Heating, ventilation and air conditioning (HVAC) systems control the temperature, humidity and air quality in buildings, according to a set of chosen conditions. They do this by transferring heat and moisture in and out of the air and by controlling the level of air pollutants by directly removing them or by diluting them to acceptable levels.
HVAC systems vary widely in size and function. If they were designed and installed during the building's construction, they will be larger and a key component of the centralised building services. They will use ventilation to deliver both heating and cooling to the building.
Other systems provide heating through boilers and radiators, with some limited ventilation to provide fresh air or cooling to certain parts of the building.
In many buildings, individual comfort cooling units have been added to address a specific overheating problem that didn't exist originally or wasn't apparent at the time of the original design. For example, the huge increase in the use of computers, which generate a lot of heat, has meant that many older buildings now need additional cooling or ventilation. Comfort cooling units are the most common method of providing cooling to a building when the need arises.
Energy consumption of HVAC systems
There are five important factors that determine the energy use of an HVAC system. These are the:
- design, layout and operation of the building - this affects how the external environment impacts on internal temperatures and humidity
- required indoor temperature and air quality - more extreme temperatures, greater precision and more refined air quality are all factors which lead to the HVAC plant consuming more energy
- heat generated internally by lighting, equipment and people
- design and efficiency of the HVAC plant - which provides heat, cooling and moisture control exactly where it is needed in the building
- operating times of the HVAC equipment and functionality of the controls - these limit operation to exactly when the system is needed
One of the best ways to control the cost of using HVAC equipment is to reduce the need to use it initially. It's important to first take energy-saving measures such as insulation and draught-proofing around your building. Simple measures such as window blinds can reduce the amount of heat entering a building and reduce the need for cooling. Room or zone controls and thermostats allow people control over their immediate environment, although it may be necessary to reset controls to a default setting each day.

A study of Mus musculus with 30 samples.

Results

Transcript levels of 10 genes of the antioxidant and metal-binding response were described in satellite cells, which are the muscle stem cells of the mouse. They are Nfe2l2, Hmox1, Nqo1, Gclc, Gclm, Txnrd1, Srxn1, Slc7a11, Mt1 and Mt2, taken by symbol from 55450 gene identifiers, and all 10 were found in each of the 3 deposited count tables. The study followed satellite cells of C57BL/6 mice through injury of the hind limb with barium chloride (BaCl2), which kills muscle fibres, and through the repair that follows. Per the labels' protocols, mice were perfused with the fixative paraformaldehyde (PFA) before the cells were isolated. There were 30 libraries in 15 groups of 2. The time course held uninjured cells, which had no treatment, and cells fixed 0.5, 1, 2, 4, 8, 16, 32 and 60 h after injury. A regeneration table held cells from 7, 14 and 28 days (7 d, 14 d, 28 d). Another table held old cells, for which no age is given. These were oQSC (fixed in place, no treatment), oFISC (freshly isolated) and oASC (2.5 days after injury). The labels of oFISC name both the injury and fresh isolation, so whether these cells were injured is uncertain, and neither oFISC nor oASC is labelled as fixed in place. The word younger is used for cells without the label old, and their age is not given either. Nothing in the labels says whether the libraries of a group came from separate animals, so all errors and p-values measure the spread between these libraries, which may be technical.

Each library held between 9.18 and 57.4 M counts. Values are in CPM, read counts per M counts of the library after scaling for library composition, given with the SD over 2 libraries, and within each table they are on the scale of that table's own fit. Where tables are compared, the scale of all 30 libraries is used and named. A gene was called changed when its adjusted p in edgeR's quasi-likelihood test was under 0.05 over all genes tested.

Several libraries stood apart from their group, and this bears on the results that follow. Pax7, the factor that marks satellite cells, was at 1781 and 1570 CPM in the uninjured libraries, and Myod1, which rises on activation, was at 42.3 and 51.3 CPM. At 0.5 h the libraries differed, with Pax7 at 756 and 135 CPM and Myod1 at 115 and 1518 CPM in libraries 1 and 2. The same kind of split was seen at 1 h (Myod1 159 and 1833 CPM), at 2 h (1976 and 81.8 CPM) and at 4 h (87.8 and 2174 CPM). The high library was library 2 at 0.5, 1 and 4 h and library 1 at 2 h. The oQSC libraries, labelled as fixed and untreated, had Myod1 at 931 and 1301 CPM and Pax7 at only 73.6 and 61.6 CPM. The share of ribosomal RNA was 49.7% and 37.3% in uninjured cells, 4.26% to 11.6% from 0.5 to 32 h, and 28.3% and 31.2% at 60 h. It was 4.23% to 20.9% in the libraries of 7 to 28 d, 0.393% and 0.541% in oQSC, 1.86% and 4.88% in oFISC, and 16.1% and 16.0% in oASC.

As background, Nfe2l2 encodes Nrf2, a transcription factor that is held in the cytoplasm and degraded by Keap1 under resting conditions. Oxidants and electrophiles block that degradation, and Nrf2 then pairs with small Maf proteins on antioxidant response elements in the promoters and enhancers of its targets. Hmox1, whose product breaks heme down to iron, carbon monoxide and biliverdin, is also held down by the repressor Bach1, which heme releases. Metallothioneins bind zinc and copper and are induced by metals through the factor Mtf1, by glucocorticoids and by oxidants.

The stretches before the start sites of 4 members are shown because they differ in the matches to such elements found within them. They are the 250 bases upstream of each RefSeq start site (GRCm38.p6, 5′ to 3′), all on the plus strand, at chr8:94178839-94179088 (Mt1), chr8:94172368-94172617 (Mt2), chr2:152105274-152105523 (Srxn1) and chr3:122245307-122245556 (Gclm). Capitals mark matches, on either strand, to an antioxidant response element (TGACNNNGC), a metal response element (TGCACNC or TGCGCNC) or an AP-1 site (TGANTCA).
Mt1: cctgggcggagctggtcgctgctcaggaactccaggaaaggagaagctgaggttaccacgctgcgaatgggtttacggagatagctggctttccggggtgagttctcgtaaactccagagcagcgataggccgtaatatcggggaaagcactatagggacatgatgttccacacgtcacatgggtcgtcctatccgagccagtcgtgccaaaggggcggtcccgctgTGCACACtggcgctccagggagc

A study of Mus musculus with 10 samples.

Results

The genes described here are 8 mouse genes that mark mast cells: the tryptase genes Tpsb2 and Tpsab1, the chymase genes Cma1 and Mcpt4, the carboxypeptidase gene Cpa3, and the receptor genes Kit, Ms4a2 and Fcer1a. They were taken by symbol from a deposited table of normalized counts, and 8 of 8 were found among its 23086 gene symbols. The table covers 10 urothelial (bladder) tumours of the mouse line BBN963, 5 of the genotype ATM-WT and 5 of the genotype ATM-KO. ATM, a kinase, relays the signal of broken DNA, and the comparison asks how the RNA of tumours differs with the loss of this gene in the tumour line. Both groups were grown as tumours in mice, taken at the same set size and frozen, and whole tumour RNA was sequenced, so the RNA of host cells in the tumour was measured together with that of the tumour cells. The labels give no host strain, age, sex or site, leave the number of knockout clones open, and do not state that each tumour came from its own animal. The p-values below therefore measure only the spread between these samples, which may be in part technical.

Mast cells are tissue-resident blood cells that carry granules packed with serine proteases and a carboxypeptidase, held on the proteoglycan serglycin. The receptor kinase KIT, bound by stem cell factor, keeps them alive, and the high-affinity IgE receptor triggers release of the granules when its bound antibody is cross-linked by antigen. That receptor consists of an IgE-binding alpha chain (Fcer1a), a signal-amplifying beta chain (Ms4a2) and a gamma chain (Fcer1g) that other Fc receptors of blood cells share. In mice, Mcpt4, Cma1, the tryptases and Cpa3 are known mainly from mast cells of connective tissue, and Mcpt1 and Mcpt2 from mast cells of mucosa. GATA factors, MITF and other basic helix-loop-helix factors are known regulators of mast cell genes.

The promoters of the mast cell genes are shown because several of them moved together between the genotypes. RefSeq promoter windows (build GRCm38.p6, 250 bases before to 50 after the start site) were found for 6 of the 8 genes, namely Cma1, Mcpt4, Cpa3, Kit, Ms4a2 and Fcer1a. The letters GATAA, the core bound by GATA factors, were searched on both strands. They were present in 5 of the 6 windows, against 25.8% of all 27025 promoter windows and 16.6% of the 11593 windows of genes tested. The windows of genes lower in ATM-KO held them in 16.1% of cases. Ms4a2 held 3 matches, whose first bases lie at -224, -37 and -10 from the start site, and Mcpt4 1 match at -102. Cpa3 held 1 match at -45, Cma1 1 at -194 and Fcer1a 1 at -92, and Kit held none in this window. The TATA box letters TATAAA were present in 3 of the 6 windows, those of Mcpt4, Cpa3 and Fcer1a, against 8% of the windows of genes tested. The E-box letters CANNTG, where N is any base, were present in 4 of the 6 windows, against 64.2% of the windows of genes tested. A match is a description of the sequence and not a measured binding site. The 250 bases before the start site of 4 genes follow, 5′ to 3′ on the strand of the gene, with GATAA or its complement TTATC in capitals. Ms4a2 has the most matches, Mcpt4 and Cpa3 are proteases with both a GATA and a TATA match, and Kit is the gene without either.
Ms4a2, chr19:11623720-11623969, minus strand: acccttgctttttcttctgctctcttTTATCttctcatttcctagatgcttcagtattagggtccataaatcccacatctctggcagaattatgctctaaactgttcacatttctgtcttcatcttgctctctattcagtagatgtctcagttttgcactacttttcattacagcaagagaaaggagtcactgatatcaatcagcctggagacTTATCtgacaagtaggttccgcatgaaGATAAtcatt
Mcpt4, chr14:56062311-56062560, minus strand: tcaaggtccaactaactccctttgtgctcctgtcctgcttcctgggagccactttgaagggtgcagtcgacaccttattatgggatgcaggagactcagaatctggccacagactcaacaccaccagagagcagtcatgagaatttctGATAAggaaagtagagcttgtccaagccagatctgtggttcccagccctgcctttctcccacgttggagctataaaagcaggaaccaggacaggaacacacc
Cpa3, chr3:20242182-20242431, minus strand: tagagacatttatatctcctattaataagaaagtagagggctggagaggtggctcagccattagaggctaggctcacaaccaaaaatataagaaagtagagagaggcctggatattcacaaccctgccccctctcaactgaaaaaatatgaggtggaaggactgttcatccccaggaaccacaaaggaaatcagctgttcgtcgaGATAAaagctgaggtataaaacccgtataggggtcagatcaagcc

Other opportunities for saving energy include:
- the use of passive heating, ventilation and cooling
- night cooling - when cool air passes through a building overnight to remove heat that has built up through the day
Refurbishment and hardware opportunities
If you are refurbishing or putting in a new HVAC system it is worth using the most efficient system available.
The more efficient the HVAC system is, the less expensive it is to run, which is an important consideration as the day-to-day running costs are far greater than the initial costs of installation.
When choosing an HVAC system you should:
- choose the system that is best suited to your needs
- prioritise energy efficiency in the design and installation stages
- implement and maintain good system controls
- set up and maintain the system effectively and consider a maintenance contract
Enhanced capital allowances for energy-saving equipment
The enhanced capital allowance (ECA) tax relief scheme can be used to buy certain HVAC zone controls. These allow the conditions in a specific area or zone to be independently controlled rather than a whole building being heated or cooled to the same temperature. As a result, zone controls can contribute to energy savings.
You can also read about how to claim an ECA for listed energy saving products.